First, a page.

Often it is important to transform the variables of a data set in a suitable way before performing any analysis or modeling. This procedure, i.e., the transformation of the raw (original) data in a way that will aid the subsequent modeling and analysis, is generally known as pre-processing. For example, suppose that we have a data set consisting of two variables, an independent (predictor) variable X and a dependent (predicted) variable Y. When performing a fit of Y against X often an appropriate transformation of the variables may significantly improve the quality of the fit.

Such techniques have proven to be very useful in a variety of statistical modeling including regression analysis. More generally, many statistical analyses will only work under the normality condition and, therefore, transforming the original variable to a normal distribution allows the application of many statistical techniques that otherwise are invalid should the normality assumption not hold sufficiently well.

One particular family of such transformations that aims at transforming the original data in a way that the new variable will have a distribution as close to normality as possible is known as the Box-Cox method (Box and Cox, 1964). With being the transformation parameter, the Box-Cox formula can be written as,

where is the variable being transformed, and is known as the shift parameter.

The aim of the Box-Cox transformation is to convert the variable X in a way that the resulting new variable will have a distribution as close as it can to normality, i.e., with mean and standard deviation ,

The above figure illustrates the effect of the Box-Cox transformation on a variable (data) that has a non-normal distribution (left side figures). After applying the transformation the new variable (transformed) has a distribution that is substantially closer to normality (right side figures) as compared to its distribution prior to the transformation.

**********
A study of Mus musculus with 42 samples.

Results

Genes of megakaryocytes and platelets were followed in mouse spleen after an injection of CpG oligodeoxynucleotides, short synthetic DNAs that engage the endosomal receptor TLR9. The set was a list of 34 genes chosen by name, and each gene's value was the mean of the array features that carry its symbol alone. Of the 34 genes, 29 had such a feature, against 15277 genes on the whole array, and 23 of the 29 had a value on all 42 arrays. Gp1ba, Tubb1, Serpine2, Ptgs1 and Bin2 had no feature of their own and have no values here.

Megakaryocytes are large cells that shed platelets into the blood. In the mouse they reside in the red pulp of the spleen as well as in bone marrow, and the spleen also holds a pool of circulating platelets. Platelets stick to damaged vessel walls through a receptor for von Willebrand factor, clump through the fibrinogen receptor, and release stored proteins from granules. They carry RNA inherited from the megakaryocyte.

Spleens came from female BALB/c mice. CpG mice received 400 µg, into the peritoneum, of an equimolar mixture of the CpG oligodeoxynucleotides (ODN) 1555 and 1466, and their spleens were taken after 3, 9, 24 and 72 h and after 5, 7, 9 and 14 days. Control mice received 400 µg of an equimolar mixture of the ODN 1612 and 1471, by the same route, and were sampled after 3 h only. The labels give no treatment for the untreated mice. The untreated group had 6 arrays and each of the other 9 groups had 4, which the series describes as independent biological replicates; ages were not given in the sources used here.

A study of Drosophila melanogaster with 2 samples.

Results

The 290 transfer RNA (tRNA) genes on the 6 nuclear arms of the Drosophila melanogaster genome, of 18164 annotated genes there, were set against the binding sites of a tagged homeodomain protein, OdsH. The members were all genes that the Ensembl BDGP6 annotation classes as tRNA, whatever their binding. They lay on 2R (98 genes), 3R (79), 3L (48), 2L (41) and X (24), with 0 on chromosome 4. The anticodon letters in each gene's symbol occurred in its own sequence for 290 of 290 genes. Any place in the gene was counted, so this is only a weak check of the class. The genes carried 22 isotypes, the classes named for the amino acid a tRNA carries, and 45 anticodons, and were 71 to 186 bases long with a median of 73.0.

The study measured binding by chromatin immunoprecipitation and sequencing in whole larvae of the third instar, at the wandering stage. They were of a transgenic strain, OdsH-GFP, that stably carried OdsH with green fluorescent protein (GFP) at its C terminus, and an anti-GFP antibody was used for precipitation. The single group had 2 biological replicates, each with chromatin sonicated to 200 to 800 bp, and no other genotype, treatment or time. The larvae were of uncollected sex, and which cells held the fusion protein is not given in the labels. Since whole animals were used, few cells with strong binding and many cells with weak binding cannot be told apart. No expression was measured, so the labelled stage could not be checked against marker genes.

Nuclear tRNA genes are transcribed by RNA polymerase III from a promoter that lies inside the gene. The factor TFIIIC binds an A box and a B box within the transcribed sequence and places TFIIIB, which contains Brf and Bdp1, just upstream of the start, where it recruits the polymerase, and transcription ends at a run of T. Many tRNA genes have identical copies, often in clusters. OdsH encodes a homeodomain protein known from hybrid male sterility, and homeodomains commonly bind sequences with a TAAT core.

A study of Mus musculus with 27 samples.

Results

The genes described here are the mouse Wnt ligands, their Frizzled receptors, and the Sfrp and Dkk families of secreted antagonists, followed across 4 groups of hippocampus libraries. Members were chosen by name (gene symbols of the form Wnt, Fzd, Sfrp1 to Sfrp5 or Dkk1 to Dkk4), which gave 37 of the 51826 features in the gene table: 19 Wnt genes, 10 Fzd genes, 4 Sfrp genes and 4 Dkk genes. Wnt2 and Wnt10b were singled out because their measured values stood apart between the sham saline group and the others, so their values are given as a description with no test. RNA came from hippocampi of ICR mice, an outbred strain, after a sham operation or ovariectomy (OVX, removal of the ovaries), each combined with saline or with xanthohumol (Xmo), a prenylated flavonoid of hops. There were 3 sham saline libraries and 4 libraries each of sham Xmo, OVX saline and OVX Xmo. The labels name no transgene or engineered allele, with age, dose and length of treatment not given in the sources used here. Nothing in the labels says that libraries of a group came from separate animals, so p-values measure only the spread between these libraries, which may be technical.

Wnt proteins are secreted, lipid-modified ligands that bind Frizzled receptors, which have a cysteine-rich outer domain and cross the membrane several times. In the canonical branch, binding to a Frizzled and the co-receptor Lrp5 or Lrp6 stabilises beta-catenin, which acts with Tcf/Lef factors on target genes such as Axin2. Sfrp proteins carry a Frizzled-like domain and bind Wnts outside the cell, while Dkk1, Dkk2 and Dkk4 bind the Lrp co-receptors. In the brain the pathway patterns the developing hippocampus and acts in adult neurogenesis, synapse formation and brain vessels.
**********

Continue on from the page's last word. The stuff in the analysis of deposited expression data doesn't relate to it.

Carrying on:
To apply the Box-Cox transformation, we need to find a suitable value of , denoted by , that yields a transformed variable with a distribution close to normality. There are several techniques to approach this problem, i.e., to find the optimal value of that satisfies the normality assumption best. The approach used by STATISTICA is known as the maximum likelihood approach, in which we construct a likelihood function (or rather an error criterion E defined as minus logarithm of the likelihood function),

where is the standard deviation of the transformed variable . The value of , which minimizes the above equation, is our optimal for the Box-Cox transformation.

Finding requires an iterative procedure. Statistica Box-Cox uses the so called Golden Search. In this algorithm we start with a minimum value of lambda, apply the Box-Cox transformation and calculate the error function above. This process is repeated over and over again for various values of lambda (not exceeding a given maximum range) until a suitable lambda is found for which the error function is minimum.

See also, Box-Cox Transformation and Box-Cox Transformation Results.